The EU published its economic forecasts for each of the 27 member states for winter 2012-2013. The main message for the whole of the EU economy is that it is slowly coming out of a period of contraction.

The report notes an increased level of confidence in the governments of member states to rein in public debt to sustainable levels and to implement much-needed structural reforms. It forecasts moderate economic growth during 2013 but expresses a great deal of concern over the continuing high level of unemployment. It also makes the point that there is no time to be lost in addressing the economic challenges the EU is facing.

That is as far as the overall picture is concerned. Once one starts reading the titles that have been used to introduce the report on each country, we start to understand the detail; and there is some devil in the detail. In some instances it sounds like a medical bulletin after a bruising rugby game.

For example, it forecasts “sluggish growth” for Belgium; talks of “anaemic consumption” for the Czech Republic; refers to Poland as “flying on one engine”. In other cases it provides for a sense of optimism, such as in the case of the UK, where it refers to “green shoots on the horizon”. In a few cases, use is made of a positive headline such as in the case of Austria, which is expected to experience “a moderate upturn”.

The title of the report on Malta is Growth Gradually Gaining Pace, which one would definitely put among the positive ones. In fact, the report provides a very favourable analysis of the Maltese economy, which serves as yet another confirmation that we have performed better than other EU economies. It is not just a case of comparatively better performance. The economy grew in 2012 and the growth rate is expected to increase.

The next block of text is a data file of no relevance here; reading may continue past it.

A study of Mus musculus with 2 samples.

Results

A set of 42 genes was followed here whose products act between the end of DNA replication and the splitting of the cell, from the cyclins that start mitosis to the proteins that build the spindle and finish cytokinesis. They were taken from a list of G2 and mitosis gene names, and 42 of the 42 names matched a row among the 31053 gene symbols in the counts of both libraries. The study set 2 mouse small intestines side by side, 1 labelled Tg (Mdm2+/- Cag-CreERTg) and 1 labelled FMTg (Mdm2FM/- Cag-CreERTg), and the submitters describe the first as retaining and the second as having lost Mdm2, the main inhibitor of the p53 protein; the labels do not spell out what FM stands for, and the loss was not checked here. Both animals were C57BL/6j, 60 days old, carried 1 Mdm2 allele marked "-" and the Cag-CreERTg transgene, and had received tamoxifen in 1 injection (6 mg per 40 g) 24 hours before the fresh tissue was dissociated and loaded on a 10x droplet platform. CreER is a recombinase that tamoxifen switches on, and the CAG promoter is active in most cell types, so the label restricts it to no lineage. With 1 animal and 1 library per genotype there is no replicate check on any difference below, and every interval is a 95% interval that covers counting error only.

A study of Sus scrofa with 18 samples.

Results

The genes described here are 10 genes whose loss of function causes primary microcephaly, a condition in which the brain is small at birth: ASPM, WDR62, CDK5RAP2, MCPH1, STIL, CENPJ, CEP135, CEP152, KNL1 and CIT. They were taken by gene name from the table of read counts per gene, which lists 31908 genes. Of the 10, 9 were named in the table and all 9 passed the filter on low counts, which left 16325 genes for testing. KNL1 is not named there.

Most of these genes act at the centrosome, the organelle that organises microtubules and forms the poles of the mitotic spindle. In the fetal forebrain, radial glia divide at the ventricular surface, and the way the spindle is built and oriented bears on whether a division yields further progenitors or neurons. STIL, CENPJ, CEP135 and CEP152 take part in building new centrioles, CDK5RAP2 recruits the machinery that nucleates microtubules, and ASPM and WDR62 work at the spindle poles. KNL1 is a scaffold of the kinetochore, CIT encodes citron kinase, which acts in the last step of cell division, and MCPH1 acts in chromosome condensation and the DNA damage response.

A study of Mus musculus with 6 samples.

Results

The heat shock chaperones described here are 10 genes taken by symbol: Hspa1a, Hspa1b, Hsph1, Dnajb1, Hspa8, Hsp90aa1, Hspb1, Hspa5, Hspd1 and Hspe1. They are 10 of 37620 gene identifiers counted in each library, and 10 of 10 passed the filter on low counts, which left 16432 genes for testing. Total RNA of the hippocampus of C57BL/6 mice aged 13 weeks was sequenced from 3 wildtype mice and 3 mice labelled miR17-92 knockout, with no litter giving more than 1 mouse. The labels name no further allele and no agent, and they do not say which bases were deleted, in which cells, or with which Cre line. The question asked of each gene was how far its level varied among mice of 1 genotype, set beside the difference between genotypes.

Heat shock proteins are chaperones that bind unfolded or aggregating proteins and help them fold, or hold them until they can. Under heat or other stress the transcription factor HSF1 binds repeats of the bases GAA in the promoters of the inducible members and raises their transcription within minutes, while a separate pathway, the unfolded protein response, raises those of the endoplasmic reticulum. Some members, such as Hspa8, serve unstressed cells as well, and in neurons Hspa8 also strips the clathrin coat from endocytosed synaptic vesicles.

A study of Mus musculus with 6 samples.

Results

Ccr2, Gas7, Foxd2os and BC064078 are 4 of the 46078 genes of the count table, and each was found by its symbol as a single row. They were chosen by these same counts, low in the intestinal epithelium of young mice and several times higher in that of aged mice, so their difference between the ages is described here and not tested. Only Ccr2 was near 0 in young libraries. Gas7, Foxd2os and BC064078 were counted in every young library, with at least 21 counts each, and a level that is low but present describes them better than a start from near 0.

The words used by the European Commission report as subtitles to the Malta report were Economic Growth Resumes Slowly; Supported by a Resilient Labour Market; HICP Inflation Moderates But Remains Above the Euro Area Average; Budget Deficit Projected to Widen in 2013 in the Absence of a Budget.

The message from these subtitles is very clear – we are on the right track but not everything is fine.

We need to do something about the inflation rate and we need to do something about the fiscal deficit. This does not mean that the fiscal deficit is unsustainable but rather that uncertainty in political decision-making will make it unsustainable.

This takes us to the expression used by the Clinton campaign in 1992 – “the economy, stupid”. We may be taking the performance of the economy for granted; we should not. What we have today is the result of painstaking decisions taken over the years. At the time they may have looked highly unpopular but time has shown that they were the right ones. On the other hand, a little bit of uncertainty was enough to send jitters through the Commission. We all hope that the economy will continue to perform well; it will not if the right decisions are not taken in time.

The European Economic Forecast has given us a clean bill of health. We should all be proud of it; however, let us also make sure it remains that way.